Big Woods now a state forest, wildlife area

Published 8:59 am Friday, July 23, 2010

SUSSEX COUNTY—About 4,400 acres of pine forest in Sussex County, also known as “Big Woods,” will become a state forest and wildlife management area.

Two state agencies — the Department of Forestry and the Department of Game and Inland Fisheries — announced Wednesday that they acquired the property from The Nature Conservancy for $6.4 million, and the agencies would manage the land together.

“I think it’s a good thing,” said Bruce Phillips, who owns about 1,800 acres in the Sebrell area of Southampton County, just a few miles from Big Woods. “There is no other place like it in Western Tidewater. It has lot of good potential. This has some good ramifications for the area and for the future.”

Big Woods State Forest will be formed from 2,200 acres of the property, and will become the 21st state forest, but the first in southeast Virginia. The remaining 2,208 acres will form the Big Woods Wildlife Management Area, the 38th in the state.

“The DOF will actively manage its portion for sustainable forestry, economic development and landowner education,” Todd Haymore, the state’s secretary of agriculture and forestry, said in a written statement. “We’re very excited to be able to add this important piece of land to our state forest system.”

State Forester Carl Garrison added, “This property is an excellent example of a large pine savanna ecosystem. Acquisition of Big Woods State Forest will provide tremendous opportunities for us to plant and to grow longleaf pine, a now diminished species that once covered more than a million acres in Virginia.”

Details on usage, public access, permit requirements and land management strategies were still being developed between the two state agencies. Wednesday’s announcement also indicated that a lot of work remained for developing wildlife habitats and for building infrastructure for public access.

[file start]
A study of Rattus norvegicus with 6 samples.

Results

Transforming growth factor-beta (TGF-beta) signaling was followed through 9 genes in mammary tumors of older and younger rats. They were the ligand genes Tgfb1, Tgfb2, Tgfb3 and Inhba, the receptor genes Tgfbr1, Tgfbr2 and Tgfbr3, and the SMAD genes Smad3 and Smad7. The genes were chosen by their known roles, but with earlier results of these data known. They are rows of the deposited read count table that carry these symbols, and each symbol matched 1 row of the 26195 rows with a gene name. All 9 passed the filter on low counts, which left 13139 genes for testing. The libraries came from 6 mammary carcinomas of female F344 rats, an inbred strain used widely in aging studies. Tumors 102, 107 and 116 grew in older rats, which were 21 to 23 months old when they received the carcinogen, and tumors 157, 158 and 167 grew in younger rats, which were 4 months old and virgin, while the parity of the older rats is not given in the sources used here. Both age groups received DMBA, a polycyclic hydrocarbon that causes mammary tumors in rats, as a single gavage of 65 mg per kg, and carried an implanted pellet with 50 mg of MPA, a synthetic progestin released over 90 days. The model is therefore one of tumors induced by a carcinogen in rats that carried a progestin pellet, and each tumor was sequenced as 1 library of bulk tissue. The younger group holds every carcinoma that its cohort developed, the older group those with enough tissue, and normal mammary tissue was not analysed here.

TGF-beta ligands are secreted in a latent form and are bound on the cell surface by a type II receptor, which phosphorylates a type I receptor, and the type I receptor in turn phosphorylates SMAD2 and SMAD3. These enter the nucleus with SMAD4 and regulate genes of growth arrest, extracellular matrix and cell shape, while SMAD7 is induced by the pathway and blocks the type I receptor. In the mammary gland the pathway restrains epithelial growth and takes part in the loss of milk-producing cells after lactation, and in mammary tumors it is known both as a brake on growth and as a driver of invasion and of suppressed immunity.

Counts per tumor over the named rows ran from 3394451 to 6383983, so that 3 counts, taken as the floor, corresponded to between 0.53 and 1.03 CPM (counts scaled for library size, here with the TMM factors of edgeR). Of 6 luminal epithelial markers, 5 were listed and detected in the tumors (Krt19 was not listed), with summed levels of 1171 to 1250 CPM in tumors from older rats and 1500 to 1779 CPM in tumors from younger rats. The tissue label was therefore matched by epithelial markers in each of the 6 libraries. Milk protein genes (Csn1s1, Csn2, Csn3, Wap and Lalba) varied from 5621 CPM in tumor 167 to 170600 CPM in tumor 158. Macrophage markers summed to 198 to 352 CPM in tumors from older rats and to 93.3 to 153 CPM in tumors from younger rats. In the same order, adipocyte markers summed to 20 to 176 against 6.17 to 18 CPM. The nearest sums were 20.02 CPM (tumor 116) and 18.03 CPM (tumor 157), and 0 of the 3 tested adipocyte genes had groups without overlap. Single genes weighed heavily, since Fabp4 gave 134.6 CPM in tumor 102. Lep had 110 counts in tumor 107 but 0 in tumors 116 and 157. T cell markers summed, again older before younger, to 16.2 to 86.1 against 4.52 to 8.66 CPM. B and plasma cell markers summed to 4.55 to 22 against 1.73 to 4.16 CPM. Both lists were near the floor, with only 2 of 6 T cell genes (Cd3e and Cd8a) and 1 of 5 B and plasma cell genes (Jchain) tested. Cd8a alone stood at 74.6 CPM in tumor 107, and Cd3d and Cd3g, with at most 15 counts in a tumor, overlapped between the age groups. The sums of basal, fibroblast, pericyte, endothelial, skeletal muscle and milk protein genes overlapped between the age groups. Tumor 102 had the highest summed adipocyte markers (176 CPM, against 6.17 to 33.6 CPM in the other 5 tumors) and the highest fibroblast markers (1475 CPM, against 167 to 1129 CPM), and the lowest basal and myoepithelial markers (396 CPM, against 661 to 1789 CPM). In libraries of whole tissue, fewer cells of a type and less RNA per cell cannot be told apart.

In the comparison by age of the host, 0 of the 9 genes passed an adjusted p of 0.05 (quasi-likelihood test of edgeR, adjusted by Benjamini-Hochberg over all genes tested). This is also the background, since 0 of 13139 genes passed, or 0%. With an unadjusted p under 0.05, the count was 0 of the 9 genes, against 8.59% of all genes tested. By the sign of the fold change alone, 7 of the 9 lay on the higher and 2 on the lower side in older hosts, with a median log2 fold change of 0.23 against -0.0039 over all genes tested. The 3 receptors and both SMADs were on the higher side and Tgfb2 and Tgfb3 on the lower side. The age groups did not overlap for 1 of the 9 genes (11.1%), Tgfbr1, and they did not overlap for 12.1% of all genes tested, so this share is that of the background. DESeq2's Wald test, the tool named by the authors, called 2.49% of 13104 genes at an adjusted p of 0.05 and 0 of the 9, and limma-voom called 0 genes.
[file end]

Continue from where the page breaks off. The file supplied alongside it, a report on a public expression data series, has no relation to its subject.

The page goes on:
“As a comprehensive wildlife agency, the Department of Game and Inland Fisheries seeks opportunities to conserve not only wildlife and important habitat, but also to offer a variety of recreational opportunities,” DGIF Executive Director Bob Duncan said in a written statement. “These include hunting, fishing, boating and wildlife watching – activities that connect the public with the outdoors, making all of us better stewards of our natural resources.”

The Nature Conservancy purchased the land, which straddles the watersheds for the Nottoway and Blackwater rivers, from International Paper Co. in 2006. The state received most of the $6.4 million it paid for the property from a Virginia land conservation bond totaling $4.1 million.

Other funding came from a $900,000 grant from the U.S. Forest Service’s Forest Legacy Program, $850,000 from the Virginia Land Conservation Fund, and $550,000 from the U.S. Fish and Wildlife Service’s Recovery Land Acquisition Grant Program.

Phillips, who serves as environmental chairman for the group Virginians Against the Outlying Landing Field, added that the new state forest and wildlife management area would help in the fight against an OLF.

“I see it as a good thing in our ongoing battle against an OLF location in the Dory site,” Phillips said.

Dory is one of five sites the U.S. Navy is considering for the OLF.